PET SEMATARY (18)
D: Mary Lambert
Paramount (Richard P. Rubinstein)
W: Stephen King [based on his novel]
DP: Peter Klein
Ed: Daniel P. Hanley & Mike Hill
Mus: Elliot Goldenthal
Dale Midkiff (Louis Creed), Denise Crosby (Rachel Creed), Fred Gwynne (Jud Crandall), Blaze Berdahl (Rachel Creed), Miko Hughes (Gage Creed)
Stephen King adapted his own 1983 novel for this 1989 horror movie, and while it's a story which works well in print, it doesn't quite translate to screen as well as it can be imagined from the original material.
Since it's Stephen King, it's obviously going to take place in New England, where a family relocate from Boston to a rural house on the edge of the woods, and soon after moving in discover a Pet Sematary (sic) on the edge of their property.
They become friends with Jud, an elderly neighbour, and when the family's pet cat dies as a result of being hit by a truck, Jud leads the father of the family beyond the pet graveyard to bury the animal in an ancient Indian burial ground, a place of eerie supernatural power which brings the cat back to life, however, it comes back much less domesticated and far more feral.
The rest of the story gets into spoiler territory, and though it's an effective scary tale, the execution is quite poor, ending up more cheesy than it is scary, particularly in the final act and certainly not helped by performances of a soap opera standard (Fred Gwynne aside), and it's directed without any real flair or identity. A title song by The Ramones featured, and while it isn't actually a bad song, in the context of the film it really doesn't work at all.
It's fair to say that it was hampered by production limitations of the late 1980's and has dated rather poorly, which makes it quite understandable that a remake emerged 30 years later.
PET SEMATARY (18)
D: Kevin Kölsch & Dennis Widmyer
Paramount (Lorenzo di Bonaventura, Mark Vahradian & Steven Schneider)
W: Jeff Buhler [based on the novel by Stephen King]
DP: Laurie Rose
Ed: Sarah Broshar
Mus: Christopher Young
Jason Clarke (Louis Creed), Amy Seimetz (Rachel Creed), John Lithgow (Jud Crandall), Jeté Laurence (Ellie Creed), Hugo Lavoie / Lucas Lavoie (Gage Creed), Obssa Ahmed (Victor Pascow)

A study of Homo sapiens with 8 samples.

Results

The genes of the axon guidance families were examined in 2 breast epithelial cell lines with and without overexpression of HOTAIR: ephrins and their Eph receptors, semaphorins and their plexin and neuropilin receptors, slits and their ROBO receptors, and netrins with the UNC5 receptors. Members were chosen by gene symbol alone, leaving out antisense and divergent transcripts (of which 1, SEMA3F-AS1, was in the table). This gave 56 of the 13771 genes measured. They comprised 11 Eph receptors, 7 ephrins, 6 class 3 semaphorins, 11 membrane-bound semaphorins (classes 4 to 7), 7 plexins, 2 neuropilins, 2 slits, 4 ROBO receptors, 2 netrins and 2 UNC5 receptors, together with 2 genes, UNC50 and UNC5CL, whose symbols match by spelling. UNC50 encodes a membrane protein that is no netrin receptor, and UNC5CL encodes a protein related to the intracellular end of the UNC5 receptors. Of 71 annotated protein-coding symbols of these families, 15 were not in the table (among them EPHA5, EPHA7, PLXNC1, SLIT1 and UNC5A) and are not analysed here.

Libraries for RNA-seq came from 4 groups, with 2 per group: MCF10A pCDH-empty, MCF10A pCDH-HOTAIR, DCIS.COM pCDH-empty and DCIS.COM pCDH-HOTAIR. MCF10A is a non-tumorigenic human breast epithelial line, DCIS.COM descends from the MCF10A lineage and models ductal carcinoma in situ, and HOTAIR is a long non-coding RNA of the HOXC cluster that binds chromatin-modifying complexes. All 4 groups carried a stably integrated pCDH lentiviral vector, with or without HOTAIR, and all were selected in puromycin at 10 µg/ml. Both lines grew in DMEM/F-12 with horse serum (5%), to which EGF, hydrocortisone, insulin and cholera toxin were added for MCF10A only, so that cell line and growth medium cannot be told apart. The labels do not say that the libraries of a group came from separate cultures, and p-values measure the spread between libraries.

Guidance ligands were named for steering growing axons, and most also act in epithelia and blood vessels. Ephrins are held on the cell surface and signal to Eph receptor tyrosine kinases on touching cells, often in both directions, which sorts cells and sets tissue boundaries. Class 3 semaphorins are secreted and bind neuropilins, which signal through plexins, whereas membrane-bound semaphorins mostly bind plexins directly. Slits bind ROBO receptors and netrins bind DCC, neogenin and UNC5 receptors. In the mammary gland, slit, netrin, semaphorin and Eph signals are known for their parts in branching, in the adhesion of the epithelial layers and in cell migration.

The 1989 version of Pet Sematary was adapted by Stephen King himself and it's fair to say that it's probably amongst his lesser works as an adaptation from his novels (certainly when compared to others). For me, it isn't a terrible horror film, but it has dated quite terribly, especially with its cheesy acting and execution, but it is a good story with a little more depth than your standards scary movie, raising questions of morality surrounding death and the thereafter.
The story sees a typically idyllic family relocate from Boston to Maine, where their new house borders woods containing a Pet Sematary (sic). The family all experience supernatural happenings and when their pet cat dies, the father is taken by an elderly neighbour to an ancient Indian burial ground to bury the animal and the next morning the cat returns to life, though it is much more feral than it was prior to its death.
The second half of the film does deviate from King's novel and the 1989 version, and it's a change which does work, unfortunately, the first hour or so of the film trudges through exposition in an incredibly dull way, to the point that it's treating the audience like idiots.
Understandably, there needs to be appropriate build up for those who haven't seen the original film or read the book, but when information is given to us by a character using Google, it's just poor storytelling.
Personally, I think it's the original film could have benefitted hugely from a remake, and while this keeps the bare bones of the story, it is refreshing that it has a new twist in the final act. I also think the acting is better in this than the original film, though Jason Clarke's character is grossly underwritten and there's a lot of unnecessary jump scares at the expense of exploring the supernatural elements or moral dilemmas at the heart of the story. I don't think this is any better or worse than the 1989 film, it's just disappointing that the story has so much more potential than both cinema versions failed to draw upon.